The one where the Aussie cruise market surged to an all-time high…

CLIA Australasia chairman Gavin Smith presents the 2012 Australian Cruise Industry Report. Photo Credit: Natalie Aroyan

CLIA Australasia chairman Gavin Smith presents the 2012 Australian Cruise Industry Report. Photo Credit: Natalie Aroyan

The Aussie cruise industry gathered aboard Carnival Spirit yesterday to hear the impressive stats to come out of cruising in 2012, as presented by the Cruise Lines International Association (CLIA) Australasia.

We knew the numbers would be impressive and they didn’t disappoint, with an 11 percent increase in passenger numbers over 2011 and over seven million days spent at sea.

694,062 Aussies chose to cruise in 2012, making Australia’s growth rate on par with Germany as the highest of all developed cruise source markets.

For the second year running, the island nation surpassed other major cruise markets with a record 3 percent of Australians cruising – only 0.3 percent below the industry leader, North America.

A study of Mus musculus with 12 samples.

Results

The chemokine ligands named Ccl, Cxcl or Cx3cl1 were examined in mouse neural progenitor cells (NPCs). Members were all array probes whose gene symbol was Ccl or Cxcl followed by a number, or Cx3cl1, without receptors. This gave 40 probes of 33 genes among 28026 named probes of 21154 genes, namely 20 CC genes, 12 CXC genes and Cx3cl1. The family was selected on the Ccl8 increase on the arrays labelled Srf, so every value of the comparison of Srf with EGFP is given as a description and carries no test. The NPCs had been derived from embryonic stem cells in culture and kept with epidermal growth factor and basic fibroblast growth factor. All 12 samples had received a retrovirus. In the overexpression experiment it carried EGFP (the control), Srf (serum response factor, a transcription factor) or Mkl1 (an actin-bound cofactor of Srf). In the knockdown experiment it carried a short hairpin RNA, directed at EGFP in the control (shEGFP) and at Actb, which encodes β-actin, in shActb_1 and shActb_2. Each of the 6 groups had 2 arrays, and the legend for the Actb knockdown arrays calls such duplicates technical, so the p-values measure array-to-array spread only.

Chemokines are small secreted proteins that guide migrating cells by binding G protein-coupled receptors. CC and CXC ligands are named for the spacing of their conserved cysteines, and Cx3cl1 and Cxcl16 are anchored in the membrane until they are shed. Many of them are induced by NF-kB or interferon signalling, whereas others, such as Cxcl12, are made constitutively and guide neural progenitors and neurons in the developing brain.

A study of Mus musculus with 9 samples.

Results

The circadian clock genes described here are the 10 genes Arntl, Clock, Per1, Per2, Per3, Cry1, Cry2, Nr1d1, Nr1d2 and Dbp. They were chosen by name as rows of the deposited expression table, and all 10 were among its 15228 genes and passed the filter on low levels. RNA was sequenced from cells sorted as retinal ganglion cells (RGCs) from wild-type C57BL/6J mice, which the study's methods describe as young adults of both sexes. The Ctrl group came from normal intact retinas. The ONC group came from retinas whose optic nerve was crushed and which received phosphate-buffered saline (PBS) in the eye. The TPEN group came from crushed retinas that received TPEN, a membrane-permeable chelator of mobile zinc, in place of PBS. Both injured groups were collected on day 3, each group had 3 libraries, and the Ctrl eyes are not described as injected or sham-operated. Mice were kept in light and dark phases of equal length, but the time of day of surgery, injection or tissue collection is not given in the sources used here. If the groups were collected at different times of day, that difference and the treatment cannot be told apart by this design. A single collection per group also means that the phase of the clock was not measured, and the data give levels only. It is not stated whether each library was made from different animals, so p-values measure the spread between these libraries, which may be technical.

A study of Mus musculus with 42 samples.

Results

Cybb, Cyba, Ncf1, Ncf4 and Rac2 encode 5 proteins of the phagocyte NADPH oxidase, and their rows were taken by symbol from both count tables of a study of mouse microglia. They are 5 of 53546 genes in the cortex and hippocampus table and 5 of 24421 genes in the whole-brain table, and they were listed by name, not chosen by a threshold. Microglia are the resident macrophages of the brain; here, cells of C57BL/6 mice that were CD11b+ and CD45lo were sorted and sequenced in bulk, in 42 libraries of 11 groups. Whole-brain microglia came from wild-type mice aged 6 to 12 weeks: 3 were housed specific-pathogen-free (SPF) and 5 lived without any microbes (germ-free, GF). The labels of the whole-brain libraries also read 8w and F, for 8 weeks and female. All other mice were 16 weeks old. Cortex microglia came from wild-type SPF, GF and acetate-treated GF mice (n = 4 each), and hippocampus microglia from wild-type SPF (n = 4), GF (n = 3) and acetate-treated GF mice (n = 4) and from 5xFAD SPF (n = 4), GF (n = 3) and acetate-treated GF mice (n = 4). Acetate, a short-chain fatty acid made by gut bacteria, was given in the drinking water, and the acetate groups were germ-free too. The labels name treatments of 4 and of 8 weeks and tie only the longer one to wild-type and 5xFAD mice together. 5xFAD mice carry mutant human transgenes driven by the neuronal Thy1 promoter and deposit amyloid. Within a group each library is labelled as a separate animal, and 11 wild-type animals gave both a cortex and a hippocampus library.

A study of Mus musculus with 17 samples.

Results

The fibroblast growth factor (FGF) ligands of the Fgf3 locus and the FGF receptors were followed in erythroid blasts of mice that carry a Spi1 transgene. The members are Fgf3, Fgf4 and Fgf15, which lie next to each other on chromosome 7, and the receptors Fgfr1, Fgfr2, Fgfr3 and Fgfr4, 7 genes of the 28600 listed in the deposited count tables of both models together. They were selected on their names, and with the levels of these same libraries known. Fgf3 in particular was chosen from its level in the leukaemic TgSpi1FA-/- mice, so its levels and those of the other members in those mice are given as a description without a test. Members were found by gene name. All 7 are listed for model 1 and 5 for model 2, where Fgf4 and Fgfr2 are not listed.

We knocked the Mother Country off their perch with 2.7 percent of people in the United Kingdom cruising in 2012, followed by Germany at 1.9 percent.

“In only four years, the number of Australians taking a cruise holiday has more than doubled from 330,290 in 2008 to almost 700,000, while over the past decade we’ve seen an average annual growth rate of 20 percent – a remarkable result for any industry,” CLIA Australasia chairman Gavin Smith said.

“Clearly Australians are responding to the growing number of cruise holidays on offer from Australian ports, as well as our strong dollar, which is encouraging more people to cruise overseas.”

The South Pacific maintained its stronghold as the preferred destination to cruise at 36.4 percent, followed by Australia at 20.2 percent and New Zealand at 13.3 percent.

Europe has beaten the Americas as the biggest fly-cruise market for Australians for the first time, with 57,719 passengers cruising there in 2012, 8.3 percent of the destination share.

Asia experienced a decrease with only 34,732 Australian cruisers selecting the neighbouring region as a chosen cruise destination, 13 percent less than in 2011.

The popularity of river cruising was evident with 12 percent more passengers ditching ocean liners for the most intimate river cruising experience and the old adage of cruising being for the “nearly dead” was dismissed with over half of Australian cruisers aged under 50.

Cruisers are still booking their voyages well in advance with 45 percent booking 6-12 months out and 28 percent booking 3-6 months out, indicating a more stable booking environment.

Mr Smith highlighted that whilst the figures may be impressive, the focus on appropriate port infrastructure and supporting government policies would be crucial to continued growth.